Get Inspired by Weldon’s Practical Needlework
Crack open any volume of Weldon’s Practical Needlework, and you’ll be transported in time to the Victorian era. The projects within possess a special charm from the enchanting illustrations to the intriguing instructions. It’s no wonder that PieceWork contributors find inspiration in these pages again and again. Here are a few examples of knitted projects from the pages of Weldon’s and PieceWork:
A Striped Border Scarf
The inspiration for Katrina King’s scarf comes from the Striped Border included in Weldon’s Practical Needlework, Volume 5. It’s one of about 100 knitted borders and edgings in the first six volumes of Weldon’s Practical Needlework. For the March/April 2017 issue, Katrina worked the scarf in oh-so-soft merino wool yarn: Cast-on 40 stitches, work Rows 1-12 of Katrina’s lace chart 48 times (or more or less, depending on how long you want your scarf to be) and bind-off. Voilà—a gorgeous scarf created from a pattern published in 1890!
The Nightingale is a simple rectangular garment, which was often knitted, crocheted, or constructed from fabrics such as flannel. Traditionally, the Nightingale was worn to cover the shoulders in bed. A pattern for a knitted Nightingale appeared in Weldon’s Practical Needlework, Volume 6, published in London in 1891. Heather Vaughan Lee’s Knitted Nightingale, featured in the January/February 2017 issue, is based on the Weldon’s pattern. However, this modern interpretation is scaled to fit the contemporary woman’s proportions: Heather’s version is large enough to cover a woman’s back from shoulder to hip, yet maintains all of the vintage charm of the Weldon’s original.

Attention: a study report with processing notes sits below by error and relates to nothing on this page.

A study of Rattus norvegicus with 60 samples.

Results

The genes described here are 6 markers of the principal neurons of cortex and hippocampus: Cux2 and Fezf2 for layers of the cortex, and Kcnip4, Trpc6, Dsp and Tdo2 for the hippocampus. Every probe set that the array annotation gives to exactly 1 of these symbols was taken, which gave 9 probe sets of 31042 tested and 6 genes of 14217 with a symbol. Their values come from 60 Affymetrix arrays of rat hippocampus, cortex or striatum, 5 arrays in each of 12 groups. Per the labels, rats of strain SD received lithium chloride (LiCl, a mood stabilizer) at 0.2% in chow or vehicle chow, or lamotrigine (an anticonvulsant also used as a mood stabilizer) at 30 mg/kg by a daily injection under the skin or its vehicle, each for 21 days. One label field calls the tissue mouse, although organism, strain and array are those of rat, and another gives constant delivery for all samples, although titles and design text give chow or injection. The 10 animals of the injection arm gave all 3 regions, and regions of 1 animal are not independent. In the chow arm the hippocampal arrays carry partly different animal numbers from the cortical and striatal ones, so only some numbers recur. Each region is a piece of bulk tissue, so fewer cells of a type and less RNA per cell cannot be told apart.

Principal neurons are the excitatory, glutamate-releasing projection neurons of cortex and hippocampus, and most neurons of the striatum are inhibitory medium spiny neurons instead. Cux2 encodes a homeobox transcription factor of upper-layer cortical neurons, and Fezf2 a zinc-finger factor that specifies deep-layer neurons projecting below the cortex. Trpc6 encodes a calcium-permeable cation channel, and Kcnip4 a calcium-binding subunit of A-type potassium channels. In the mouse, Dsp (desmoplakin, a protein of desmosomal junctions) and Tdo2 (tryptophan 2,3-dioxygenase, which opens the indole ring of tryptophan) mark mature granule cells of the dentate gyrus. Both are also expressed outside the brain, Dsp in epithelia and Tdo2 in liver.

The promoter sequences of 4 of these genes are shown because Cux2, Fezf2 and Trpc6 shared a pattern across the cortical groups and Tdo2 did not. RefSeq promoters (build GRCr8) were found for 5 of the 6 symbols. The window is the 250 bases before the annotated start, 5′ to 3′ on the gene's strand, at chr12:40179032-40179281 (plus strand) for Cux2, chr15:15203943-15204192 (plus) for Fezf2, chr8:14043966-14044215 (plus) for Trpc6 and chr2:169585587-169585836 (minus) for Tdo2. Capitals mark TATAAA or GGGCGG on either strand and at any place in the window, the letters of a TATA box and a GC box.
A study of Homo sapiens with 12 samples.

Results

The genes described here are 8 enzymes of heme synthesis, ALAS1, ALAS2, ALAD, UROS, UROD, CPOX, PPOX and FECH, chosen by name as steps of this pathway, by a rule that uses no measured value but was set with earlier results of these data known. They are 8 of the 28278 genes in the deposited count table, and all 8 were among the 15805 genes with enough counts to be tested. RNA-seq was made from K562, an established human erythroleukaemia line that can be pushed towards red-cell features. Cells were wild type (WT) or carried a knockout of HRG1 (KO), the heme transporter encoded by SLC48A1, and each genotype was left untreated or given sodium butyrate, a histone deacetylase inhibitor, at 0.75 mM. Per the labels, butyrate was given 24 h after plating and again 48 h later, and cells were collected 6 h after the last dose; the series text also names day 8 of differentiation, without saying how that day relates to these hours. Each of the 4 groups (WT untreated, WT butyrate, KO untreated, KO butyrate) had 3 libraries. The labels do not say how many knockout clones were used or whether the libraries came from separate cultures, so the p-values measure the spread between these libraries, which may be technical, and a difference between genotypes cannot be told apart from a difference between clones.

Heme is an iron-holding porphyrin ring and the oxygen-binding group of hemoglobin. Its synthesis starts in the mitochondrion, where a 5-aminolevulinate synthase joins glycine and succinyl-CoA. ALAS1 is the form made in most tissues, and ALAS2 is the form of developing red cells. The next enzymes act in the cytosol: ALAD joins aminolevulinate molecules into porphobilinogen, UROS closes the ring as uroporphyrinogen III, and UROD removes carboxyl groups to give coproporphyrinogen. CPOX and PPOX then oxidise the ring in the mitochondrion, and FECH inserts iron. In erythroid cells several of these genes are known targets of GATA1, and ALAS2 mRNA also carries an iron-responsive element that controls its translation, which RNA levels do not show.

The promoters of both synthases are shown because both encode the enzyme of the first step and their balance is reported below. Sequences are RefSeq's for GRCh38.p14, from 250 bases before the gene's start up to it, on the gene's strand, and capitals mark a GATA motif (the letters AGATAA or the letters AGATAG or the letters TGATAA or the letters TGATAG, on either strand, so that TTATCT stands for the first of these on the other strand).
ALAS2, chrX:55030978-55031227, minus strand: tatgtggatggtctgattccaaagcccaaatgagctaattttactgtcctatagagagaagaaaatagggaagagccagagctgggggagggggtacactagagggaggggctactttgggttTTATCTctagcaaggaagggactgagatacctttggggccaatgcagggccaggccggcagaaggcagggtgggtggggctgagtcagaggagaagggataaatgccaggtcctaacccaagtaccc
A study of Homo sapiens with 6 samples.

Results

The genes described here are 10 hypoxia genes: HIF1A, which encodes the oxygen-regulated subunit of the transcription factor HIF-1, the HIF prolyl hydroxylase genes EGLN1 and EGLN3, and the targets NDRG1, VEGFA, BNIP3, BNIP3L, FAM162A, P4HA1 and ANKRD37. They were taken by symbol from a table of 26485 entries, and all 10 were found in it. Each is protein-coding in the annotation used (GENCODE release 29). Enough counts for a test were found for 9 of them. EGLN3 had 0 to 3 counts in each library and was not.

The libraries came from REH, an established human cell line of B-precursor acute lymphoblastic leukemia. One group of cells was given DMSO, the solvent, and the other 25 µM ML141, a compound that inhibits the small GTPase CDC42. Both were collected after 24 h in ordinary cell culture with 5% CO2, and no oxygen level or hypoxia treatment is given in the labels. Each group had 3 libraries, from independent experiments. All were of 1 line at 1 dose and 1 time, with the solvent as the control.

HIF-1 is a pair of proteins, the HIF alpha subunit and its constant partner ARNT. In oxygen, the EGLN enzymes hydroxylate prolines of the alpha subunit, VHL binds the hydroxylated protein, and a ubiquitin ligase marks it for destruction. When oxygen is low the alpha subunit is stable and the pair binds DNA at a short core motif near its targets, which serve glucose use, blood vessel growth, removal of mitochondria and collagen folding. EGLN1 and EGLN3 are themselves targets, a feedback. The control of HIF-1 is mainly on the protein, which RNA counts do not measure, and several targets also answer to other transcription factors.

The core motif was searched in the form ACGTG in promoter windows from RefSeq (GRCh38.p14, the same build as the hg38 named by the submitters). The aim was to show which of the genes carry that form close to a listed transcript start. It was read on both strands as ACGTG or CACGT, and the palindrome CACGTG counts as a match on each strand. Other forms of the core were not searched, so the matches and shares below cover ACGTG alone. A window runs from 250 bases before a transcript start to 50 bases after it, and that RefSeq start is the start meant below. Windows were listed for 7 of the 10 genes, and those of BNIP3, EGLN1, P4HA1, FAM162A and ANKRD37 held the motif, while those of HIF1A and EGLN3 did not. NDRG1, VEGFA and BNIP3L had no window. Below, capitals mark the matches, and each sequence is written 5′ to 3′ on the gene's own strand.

A Shawl Based on a Veil
Carolyn Wyborny used a veil pattern from Volume 5 of Weldon’s as the bases for her crescent shawl featured in the May/June 2018 issue. Carolyn says, “For this project, I wanted to create a lace-bordered shawl in the wide crescent shape that is so popular now, but with a lace pattern in the body instead of the solid fabrics shown in many patterns. Additionally, I wanted the construction to be a single piece worked in one direction to make it suitable for a gradient-dyed yarn.” (affiliate link)
What have you made from the pages of Weldon’s? Share it with us in the comments below!
—PieceWork Editorial Staff
Featured Image: What will you make from the pages of Weldon’s? Photo by Joe Coca.
Get inspired by Weldon’s and PieceWork!